Business-sandcastles washing away


Business today is like a castle made of sand, said Joanna Hafenmayer, Sustainability Officer at Microsoft Switzerland during oikos FutureLab workshops. The old business model of ever greater consumption, with growth at any price may fall apart easily. It is only the companies that reduce environmental impact while increasing social and economic impacts that will survive tomorrow. Business may succeed only by accelerating the transition to a sustainable future. The transition may only be achieved by defining a new sustainable business model. Let’s try to do it.

Since each economic model is a simplified representation of reality, we should eliminate irrelevant details to focus on the essential relation we are attempting to understand. Here we are interested in how sustainability determines business performance. That is the reason why the particular example we want to consider is a market on which 30% of employees are ethically-motivated, 30% of activities – information-driven and 30% of consumers – sustainable-oriented.

Firstly, we should define endogenous variables to create a business model that is competitive, commercially successful and future ready, so that it will respond to the future challenges and succeed in a world of resource scarcity, rising, volatile energy and commodity prices and ever-increasing consumer demand for transparency. We should not resign from profit maximization, but attempt to make the right thing be profitable instead of doing the right thing only when is profitable.

Secondly, we should embed sustainable model thoughtfully and appropriately in the business to facilitate and create awareness. Sustainability solutions must be implemented in every single stage of business process to enrich company culture core working practices and procedures. We should provide employees with the tools and knowledge to deliver sustainable solutions giving the business renewed purpose and enthusiasm, create energy and engagement.

Thirdly, we should define exogenous variables and actively shape external conditions. Instead of asking: how can we use society and the environment to be sustainable? we should say the opposite – how can we contribute to the society and the environment to be sustainable? We should recognize specific interdependence of a business and economic system: it is not possible to be a sustainable business in an unsustainable economy.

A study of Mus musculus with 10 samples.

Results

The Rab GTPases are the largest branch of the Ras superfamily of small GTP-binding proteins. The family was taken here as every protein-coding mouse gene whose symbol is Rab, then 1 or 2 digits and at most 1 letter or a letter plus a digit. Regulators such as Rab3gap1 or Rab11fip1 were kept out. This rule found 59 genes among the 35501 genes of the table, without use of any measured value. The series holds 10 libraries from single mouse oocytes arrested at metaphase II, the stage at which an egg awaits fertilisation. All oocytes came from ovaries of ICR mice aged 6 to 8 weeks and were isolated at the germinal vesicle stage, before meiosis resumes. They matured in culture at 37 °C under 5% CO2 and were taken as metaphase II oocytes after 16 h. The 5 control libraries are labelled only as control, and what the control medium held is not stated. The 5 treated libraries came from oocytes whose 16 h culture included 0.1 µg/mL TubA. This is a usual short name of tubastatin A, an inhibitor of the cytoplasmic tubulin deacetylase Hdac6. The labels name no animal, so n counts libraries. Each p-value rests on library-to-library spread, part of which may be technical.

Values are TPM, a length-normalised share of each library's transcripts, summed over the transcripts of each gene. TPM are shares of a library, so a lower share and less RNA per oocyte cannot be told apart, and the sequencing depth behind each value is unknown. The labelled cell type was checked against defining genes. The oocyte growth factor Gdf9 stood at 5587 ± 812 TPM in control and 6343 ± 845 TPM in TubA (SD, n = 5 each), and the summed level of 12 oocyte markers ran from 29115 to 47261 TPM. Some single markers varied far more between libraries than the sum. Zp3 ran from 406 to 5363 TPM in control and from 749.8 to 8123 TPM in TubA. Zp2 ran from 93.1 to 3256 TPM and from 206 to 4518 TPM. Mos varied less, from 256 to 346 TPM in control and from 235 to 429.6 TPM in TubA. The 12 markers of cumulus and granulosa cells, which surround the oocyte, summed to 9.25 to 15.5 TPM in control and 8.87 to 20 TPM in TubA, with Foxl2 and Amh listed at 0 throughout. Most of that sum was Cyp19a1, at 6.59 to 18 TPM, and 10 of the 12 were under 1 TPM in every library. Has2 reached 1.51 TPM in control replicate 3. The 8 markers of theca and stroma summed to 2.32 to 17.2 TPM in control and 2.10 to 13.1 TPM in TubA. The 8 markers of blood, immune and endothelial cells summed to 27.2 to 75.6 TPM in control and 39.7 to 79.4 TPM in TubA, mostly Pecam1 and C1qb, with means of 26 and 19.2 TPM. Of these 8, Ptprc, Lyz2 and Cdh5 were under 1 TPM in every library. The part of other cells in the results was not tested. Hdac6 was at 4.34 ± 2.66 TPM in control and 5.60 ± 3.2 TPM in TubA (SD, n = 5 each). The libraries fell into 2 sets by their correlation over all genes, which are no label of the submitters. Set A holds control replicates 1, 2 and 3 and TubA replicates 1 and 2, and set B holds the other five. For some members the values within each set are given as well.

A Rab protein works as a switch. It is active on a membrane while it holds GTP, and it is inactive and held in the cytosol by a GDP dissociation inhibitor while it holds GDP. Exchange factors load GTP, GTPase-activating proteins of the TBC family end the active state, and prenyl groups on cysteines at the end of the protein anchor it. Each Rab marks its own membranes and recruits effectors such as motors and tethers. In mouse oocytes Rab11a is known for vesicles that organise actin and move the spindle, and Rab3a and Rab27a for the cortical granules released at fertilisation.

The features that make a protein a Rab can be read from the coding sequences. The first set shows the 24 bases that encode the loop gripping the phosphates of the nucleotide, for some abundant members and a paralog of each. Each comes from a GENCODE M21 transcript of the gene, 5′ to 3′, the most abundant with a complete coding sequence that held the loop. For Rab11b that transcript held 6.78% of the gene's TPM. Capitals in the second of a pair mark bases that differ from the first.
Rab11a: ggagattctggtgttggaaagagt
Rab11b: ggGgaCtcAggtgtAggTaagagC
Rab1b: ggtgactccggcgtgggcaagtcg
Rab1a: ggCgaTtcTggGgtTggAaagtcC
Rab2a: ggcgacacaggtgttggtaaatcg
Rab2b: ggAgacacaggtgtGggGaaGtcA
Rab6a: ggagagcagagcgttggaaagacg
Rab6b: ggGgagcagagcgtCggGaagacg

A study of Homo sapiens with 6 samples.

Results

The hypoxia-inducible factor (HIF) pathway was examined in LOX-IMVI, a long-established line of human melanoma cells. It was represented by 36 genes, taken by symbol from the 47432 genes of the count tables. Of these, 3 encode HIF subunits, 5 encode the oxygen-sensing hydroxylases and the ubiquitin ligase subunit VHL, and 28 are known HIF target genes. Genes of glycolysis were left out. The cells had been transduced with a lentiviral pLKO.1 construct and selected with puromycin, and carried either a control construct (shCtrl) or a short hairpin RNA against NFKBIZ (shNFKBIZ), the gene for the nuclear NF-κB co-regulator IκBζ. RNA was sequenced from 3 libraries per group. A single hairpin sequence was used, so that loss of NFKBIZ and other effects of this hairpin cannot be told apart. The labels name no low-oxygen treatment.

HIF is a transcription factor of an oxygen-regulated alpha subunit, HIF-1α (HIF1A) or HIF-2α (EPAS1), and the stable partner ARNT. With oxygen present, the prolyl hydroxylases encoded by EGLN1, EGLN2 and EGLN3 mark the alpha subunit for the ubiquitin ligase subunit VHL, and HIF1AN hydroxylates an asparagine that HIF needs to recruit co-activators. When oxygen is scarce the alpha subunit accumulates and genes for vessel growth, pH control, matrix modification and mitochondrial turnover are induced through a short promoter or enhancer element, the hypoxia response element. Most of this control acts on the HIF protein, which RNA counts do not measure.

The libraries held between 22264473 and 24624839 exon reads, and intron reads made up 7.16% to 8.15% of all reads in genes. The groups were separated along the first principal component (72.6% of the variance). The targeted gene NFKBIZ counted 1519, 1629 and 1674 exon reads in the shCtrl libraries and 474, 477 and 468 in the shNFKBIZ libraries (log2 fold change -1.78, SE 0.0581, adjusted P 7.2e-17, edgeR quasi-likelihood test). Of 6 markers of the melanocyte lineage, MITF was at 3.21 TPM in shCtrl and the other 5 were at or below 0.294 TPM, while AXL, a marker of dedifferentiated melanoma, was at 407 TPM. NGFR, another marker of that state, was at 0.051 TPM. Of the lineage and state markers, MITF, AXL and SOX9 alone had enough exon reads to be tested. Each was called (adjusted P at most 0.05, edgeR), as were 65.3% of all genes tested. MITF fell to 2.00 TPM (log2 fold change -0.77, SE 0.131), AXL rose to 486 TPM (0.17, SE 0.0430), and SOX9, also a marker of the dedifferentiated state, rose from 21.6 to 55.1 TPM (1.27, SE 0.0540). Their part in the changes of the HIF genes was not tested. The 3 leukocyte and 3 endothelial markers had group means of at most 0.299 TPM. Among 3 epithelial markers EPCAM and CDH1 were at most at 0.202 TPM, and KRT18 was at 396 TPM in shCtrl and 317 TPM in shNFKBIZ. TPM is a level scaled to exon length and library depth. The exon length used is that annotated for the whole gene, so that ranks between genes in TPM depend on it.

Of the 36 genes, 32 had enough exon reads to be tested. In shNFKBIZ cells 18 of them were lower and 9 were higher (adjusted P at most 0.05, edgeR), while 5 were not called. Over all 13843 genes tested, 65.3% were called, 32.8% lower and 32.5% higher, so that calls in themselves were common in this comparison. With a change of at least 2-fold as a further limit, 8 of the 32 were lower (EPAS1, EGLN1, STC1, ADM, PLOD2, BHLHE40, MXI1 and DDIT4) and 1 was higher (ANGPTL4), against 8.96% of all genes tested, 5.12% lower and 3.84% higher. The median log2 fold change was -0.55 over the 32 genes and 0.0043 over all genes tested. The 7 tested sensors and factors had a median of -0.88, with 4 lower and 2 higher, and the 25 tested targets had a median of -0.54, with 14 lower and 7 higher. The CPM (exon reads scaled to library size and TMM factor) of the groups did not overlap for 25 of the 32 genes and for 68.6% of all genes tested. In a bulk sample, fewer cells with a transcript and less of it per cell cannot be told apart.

We must accept that no business is an island – in an increasingly complex, and resource-constrained world, leading businesses need to be willing to collaborate much more willingly and create new networks to deliver new solutions to old problems. We should influence and engage suppliers, consumers and legislators to create the conditions where a sustainable consumer goods industry is possible.

What is more, we should observe both short and long-term effects of economic performance within the model. We should act in the in the short-run and think in the long-run. Short-term approach should be based on pushing sustainability out to consumers and creating the supply instead of waiting for the pull and growing demand for sustainable products and services. Nevertheless, since short-termism means missing out on an opportunity to build resilience into the business, long-term approach should secure long-term success in sustainable environment and deliver value creation.

That is the sustainable business model to achieve commercial success by delivering social value within natural limits. A model going beyond innovating products and services. A model that can be implemented successfully in the future if we simply stop building castles in the air and start incorporating sustainability into business. What we need is a wave of change that will wash away business-sandcastles from the past.